Weary of the toll crime and violence is taking on Baton Rouge’s black community, about 50 people marched from McKinley High School to the McKinley Alumni Center on Saturday calling for change.

Organized by the Louisiana chapter of the Southern Christian Leadership Conference, the event kicked off a “Unity in the Community” effort in which organizers are hoping to get people from around Baton Rouge to work together to reduce violence in the community, especially violent crime involving young black men.

Walking down Thomas H. Delpit Drive, some participants sang the civil rights era standard “We Shall Overcome” and chanted, “down with violence, up with love.” The marchers carried signs that read “Don’t Kill, Rebuild” and “Turn to Each Other, Not on Each Other.”

“We’re getting mobilized to get organized,” the Rev. Reginald Pitcher told marchers as they gathered in front of the high school.

Pitcher, president of the Louisiana chapter of the Southern Christian Leadership Conference, said he wants to form a “coalition of the willing” that will work to build relationships in the community as a way to reduce crime and poverty and improve education. He plans to hold a town hall meeting sometime soon that will focus on identifying solutions to those issues.

In front of the alumni center — the former location of McKinley High School — unity was the theme of remarks made by a litany of pastors, elected officials and others, who encouraged people to take an active role in improving their community.

East Baton Rouge School Board member Evelyn Ware-Jackson said Louisiana’s budget woes and partisan divides have dissuaded some people from getting involved in the political arena.

Mobile/tablet users click here for video.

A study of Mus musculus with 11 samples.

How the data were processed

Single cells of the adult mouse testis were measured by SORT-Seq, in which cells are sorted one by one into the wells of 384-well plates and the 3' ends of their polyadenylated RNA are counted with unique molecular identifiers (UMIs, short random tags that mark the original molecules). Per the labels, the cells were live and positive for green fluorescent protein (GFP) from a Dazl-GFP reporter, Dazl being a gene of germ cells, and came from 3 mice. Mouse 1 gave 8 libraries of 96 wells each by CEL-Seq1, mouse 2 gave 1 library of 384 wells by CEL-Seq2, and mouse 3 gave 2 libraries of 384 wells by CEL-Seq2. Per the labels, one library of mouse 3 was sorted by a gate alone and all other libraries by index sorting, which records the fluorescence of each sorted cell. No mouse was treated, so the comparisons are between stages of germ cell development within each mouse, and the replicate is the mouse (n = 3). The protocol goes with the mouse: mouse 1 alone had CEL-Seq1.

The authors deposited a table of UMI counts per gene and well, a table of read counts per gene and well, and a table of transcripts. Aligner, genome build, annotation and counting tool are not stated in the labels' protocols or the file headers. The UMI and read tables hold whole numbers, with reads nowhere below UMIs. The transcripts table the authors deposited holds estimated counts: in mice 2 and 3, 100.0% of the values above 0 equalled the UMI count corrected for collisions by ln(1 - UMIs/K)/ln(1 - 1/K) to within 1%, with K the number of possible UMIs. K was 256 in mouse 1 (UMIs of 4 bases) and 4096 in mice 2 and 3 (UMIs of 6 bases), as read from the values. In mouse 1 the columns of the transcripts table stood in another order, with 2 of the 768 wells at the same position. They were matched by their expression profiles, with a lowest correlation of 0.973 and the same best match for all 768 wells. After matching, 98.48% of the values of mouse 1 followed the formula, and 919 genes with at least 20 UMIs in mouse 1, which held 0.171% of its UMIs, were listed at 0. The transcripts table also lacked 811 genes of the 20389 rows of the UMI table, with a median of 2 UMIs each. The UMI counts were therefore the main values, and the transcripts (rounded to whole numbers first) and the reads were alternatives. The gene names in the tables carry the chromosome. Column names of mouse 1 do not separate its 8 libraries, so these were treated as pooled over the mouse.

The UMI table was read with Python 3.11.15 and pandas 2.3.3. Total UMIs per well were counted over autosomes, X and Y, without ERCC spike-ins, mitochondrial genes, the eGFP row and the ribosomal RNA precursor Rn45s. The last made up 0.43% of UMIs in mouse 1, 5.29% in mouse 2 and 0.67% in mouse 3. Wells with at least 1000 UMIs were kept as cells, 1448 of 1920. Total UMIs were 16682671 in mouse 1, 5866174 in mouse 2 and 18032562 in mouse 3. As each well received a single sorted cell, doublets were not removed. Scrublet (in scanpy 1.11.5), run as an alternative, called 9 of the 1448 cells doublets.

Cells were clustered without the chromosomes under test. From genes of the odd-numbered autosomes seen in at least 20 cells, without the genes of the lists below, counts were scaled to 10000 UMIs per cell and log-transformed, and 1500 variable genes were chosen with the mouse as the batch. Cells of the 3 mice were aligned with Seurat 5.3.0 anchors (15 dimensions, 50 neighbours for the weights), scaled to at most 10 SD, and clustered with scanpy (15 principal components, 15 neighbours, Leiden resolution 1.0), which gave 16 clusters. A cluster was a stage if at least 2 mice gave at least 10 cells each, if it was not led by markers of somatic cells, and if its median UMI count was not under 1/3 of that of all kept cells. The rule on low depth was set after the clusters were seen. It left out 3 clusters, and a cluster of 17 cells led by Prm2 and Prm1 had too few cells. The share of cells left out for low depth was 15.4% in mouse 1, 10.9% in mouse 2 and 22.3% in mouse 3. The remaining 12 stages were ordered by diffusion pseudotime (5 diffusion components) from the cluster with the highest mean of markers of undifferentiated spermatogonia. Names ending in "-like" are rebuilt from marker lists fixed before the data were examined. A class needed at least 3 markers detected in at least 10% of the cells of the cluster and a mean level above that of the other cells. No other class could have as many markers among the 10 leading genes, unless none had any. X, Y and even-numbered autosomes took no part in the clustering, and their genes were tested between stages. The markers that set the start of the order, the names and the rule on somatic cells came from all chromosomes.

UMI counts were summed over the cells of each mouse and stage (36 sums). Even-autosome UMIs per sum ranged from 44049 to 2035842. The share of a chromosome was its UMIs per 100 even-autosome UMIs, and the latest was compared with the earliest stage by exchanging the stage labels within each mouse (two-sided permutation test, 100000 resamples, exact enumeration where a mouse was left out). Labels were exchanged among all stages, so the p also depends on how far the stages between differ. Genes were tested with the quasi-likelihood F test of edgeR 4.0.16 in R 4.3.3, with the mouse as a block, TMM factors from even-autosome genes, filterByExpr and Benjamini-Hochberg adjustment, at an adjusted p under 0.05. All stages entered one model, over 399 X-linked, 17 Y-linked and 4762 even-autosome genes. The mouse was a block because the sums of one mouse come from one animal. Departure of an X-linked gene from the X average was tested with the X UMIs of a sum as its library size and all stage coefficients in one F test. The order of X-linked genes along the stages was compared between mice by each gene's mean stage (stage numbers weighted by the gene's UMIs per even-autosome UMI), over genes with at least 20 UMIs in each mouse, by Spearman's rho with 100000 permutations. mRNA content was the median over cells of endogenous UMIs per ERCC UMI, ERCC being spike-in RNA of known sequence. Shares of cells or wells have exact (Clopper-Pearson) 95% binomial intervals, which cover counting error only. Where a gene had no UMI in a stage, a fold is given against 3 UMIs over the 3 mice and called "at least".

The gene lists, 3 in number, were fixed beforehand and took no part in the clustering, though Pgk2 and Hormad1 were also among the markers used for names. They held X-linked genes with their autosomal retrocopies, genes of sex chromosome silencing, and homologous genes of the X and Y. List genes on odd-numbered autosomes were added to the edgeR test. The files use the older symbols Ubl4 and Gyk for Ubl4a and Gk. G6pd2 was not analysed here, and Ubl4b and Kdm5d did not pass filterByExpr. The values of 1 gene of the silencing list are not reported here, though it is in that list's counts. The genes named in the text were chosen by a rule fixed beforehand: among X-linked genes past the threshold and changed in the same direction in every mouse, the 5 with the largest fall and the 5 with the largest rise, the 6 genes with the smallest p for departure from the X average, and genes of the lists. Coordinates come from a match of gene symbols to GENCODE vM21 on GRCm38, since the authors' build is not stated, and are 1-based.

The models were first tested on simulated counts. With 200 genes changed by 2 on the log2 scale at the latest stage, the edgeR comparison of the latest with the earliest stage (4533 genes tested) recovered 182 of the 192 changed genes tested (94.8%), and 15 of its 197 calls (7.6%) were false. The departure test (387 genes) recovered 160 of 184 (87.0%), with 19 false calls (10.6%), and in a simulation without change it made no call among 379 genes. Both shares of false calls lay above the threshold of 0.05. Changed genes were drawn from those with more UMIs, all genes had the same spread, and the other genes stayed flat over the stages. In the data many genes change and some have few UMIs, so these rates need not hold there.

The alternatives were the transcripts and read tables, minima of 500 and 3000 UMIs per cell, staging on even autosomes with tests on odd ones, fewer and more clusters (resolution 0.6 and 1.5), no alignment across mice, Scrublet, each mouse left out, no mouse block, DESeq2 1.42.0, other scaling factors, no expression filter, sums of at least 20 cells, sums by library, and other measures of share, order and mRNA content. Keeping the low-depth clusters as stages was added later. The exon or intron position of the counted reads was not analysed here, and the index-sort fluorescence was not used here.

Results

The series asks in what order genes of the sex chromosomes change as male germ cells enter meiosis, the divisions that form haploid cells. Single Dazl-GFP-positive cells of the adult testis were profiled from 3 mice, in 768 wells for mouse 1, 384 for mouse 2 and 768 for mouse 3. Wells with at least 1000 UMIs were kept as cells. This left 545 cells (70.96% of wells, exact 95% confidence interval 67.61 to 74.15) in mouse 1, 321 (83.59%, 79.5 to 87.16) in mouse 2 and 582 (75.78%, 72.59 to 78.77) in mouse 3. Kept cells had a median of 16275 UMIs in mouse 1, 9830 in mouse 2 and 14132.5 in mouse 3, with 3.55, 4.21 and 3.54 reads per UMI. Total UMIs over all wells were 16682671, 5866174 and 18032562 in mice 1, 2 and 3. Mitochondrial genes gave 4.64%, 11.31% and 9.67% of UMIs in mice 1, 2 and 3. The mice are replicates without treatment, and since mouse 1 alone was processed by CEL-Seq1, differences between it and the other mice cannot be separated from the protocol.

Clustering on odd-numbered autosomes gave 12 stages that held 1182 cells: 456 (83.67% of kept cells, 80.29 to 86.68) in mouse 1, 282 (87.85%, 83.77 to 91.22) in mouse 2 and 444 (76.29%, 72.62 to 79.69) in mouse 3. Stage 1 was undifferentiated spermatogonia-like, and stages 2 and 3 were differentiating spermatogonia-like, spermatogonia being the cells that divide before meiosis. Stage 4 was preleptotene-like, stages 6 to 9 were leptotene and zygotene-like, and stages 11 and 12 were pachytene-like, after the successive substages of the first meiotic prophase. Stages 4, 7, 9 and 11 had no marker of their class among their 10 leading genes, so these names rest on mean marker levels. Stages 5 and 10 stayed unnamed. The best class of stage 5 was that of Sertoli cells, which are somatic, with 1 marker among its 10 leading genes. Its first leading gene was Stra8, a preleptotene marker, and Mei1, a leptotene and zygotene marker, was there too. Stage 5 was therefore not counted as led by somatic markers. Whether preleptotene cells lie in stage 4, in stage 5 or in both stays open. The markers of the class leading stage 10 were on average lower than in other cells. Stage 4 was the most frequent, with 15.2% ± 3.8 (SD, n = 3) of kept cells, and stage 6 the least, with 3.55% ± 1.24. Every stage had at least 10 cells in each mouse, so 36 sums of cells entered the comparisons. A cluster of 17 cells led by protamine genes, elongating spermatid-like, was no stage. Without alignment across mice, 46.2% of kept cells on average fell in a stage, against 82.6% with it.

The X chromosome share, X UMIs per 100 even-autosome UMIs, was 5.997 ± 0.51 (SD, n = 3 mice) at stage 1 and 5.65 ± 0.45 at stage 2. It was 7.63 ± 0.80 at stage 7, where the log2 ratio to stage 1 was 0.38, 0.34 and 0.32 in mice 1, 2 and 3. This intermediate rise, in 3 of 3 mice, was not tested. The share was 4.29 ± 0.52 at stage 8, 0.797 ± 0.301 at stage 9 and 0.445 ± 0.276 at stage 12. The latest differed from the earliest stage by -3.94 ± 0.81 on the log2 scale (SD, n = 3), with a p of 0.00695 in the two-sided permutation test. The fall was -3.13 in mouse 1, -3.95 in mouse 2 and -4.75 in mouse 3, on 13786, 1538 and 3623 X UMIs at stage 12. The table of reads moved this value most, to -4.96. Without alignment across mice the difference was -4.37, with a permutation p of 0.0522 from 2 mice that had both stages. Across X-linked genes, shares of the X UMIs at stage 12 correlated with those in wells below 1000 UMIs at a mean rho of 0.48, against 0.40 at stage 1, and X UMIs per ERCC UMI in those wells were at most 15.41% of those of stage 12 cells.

“There’s all kinds of black-on-black crime, other than the blood that’s running in the streets,” she said. “…We’ve got to stop fighting and killing one another, killing the character of people you haven’t spoken to. You’ve got to be able to talk to people and find out what they’re about before you start a negative campaign killing their character.”

Those kinds of divisions add to the suffering in the black community, Metro Councilwoman Tara Wicker said.

“But there are more of us than there are of them, meaning there are more individuals who believe in the assignment, the call, the anointing to be in this work, not for selfish gain, not for the next level in politics, but for seeing lives change,” Wicker said.

Many speakers talked about the importance of people taking responsibility for some of the problems confronting Baton Rouge’s black community.

State Senator Yvonne Dorsey Colomb recalled a billboard she posted in town about two years ago that read, “Don’t Kill Your Mama.”

When young men kill someone — even if it’s not their mother — they bring pain to their families and those of the victims, which has negative ramifications for the community, Colomb said.

Arthur “Silky Slim” Reed, a gang leader-turned-community activist, encouraged church leaders to be more involved in crime prevention, saying there is a church on almost every street corner in some parts of Baton Rouge, yet shootings regularly occur on the streets around them.

Everyone must try to make a difference, Metro Councilwoman Donna Collins-Lewis said.

“If we’re not going to do it for ourselves, we can’t hold anyone else responsible,” she said. “We can look at white folks all day long and say it’s their fault, they’re not doing anything for us, and then we go home at the end of the day.”